Normally, Japan businesses export £33.5 million’s (6.3 billion yen) worth of koi carp to China annually. The exports require a licence from China and Japan’s 15 domestic carp farmers were licensed by the Chinese government for three years but those licences expired at the end of last month. They’ve entirely lapsed because they had not been renewed and the Japanese government don’t know why.
Diplomats from Japan and China are discussing why Beijing has blocked imports of ornamental koi carp. The current thinking is that it is in retaliation for a bust up over the Fukushima nuclear power plant debacle.
Even the Japanese government doesn’t know why licences haven’t been renewed. It’s a problem because until recently 19% of exported carp went to China. It was Japan’s biggest overseas market. 60% of ornamental fish bred in Japan are exported.
The current thinking is that the decision to cease providing licences is connected to a dispute over Fukushima. You may remember the power plant suffered a meltdown after the tsunami in 2011. And earlier this year the authorities began to release treated wastewater from the plant into the ocean. There are arguments that it is radioactive although most scientists and foreign governments agree that this process poses no threat to life.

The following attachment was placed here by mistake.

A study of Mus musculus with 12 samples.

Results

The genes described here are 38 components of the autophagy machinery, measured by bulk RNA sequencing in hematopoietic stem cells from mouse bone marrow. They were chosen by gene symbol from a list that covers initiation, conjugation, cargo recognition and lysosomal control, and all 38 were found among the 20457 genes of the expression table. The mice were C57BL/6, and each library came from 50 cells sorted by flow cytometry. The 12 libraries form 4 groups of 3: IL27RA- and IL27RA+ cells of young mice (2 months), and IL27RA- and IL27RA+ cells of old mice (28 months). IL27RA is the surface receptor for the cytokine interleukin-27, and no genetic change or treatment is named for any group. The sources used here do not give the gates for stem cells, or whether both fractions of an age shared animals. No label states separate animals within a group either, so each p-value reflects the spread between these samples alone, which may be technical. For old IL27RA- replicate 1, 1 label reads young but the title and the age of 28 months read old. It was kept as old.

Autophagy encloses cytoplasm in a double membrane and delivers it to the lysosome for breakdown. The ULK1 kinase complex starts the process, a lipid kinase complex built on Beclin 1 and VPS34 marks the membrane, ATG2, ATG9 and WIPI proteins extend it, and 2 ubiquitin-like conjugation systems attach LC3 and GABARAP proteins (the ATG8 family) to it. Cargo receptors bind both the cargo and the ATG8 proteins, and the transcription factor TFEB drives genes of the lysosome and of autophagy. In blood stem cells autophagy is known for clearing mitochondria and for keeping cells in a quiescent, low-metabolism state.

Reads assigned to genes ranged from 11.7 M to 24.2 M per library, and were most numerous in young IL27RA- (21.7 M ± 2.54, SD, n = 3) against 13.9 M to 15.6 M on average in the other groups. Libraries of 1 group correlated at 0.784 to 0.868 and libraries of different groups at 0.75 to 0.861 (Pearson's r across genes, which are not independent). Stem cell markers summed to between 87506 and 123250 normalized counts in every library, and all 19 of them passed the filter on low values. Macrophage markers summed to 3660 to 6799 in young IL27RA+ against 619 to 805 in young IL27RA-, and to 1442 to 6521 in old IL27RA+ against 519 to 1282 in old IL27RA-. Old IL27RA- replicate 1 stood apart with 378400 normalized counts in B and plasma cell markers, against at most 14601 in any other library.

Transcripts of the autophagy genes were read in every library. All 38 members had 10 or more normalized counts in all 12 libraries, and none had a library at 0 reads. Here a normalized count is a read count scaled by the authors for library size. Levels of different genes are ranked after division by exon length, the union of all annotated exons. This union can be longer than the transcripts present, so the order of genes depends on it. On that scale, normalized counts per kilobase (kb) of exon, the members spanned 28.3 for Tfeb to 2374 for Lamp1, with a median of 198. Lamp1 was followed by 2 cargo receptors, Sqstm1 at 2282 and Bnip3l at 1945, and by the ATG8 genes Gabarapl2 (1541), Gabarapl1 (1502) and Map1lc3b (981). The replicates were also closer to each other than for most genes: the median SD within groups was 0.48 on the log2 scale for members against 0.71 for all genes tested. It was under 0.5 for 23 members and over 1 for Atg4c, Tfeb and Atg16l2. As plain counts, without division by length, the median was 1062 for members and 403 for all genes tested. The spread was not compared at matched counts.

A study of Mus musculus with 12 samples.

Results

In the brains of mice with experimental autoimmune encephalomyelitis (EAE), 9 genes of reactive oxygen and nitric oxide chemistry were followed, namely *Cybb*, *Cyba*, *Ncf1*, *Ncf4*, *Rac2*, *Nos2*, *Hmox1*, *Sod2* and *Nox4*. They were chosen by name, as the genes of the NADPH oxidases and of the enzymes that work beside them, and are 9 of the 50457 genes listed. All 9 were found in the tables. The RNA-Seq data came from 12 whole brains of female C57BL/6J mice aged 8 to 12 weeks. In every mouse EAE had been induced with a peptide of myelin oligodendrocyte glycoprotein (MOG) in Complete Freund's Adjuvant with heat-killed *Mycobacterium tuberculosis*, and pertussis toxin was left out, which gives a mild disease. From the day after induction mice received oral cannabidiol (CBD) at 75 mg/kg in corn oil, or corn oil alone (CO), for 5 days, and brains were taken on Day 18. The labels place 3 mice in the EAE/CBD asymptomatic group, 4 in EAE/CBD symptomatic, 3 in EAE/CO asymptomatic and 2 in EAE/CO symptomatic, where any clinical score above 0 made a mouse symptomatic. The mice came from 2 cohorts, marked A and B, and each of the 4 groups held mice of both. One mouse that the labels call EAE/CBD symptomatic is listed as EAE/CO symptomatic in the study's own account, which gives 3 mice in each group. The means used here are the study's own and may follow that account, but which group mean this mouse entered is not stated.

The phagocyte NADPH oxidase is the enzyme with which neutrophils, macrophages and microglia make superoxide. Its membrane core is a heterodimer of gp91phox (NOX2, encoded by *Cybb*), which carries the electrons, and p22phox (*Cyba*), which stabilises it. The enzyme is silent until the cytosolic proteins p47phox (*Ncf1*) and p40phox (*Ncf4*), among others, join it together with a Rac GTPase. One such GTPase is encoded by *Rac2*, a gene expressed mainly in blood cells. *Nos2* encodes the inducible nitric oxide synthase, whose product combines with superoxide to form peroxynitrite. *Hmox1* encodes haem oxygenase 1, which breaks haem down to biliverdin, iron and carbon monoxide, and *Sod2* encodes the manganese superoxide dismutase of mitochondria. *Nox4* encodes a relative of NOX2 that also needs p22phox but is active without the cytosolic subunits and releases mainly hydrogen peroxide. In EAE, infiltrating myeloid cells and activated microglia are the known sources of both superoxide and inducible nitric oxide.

The multicoloured fish are called nishikigoi or “brocade carp”. They are multicoloured and esteemed by collectors across the world. They are bred in freshwater nowhere near the Fukushima power plant and it is believed that they are unaffected by radiation.
Perhaps the Chinese authorities think otherwise and fear that the carp have been irradiated.
The secretary general of the All Japan Nishikigoi Promotion Association told The Times that “The farmers and quarantine facilities are waiting for the Chinese government’s approval for export. Even [the] Japanese government does not know the reason for the delay.”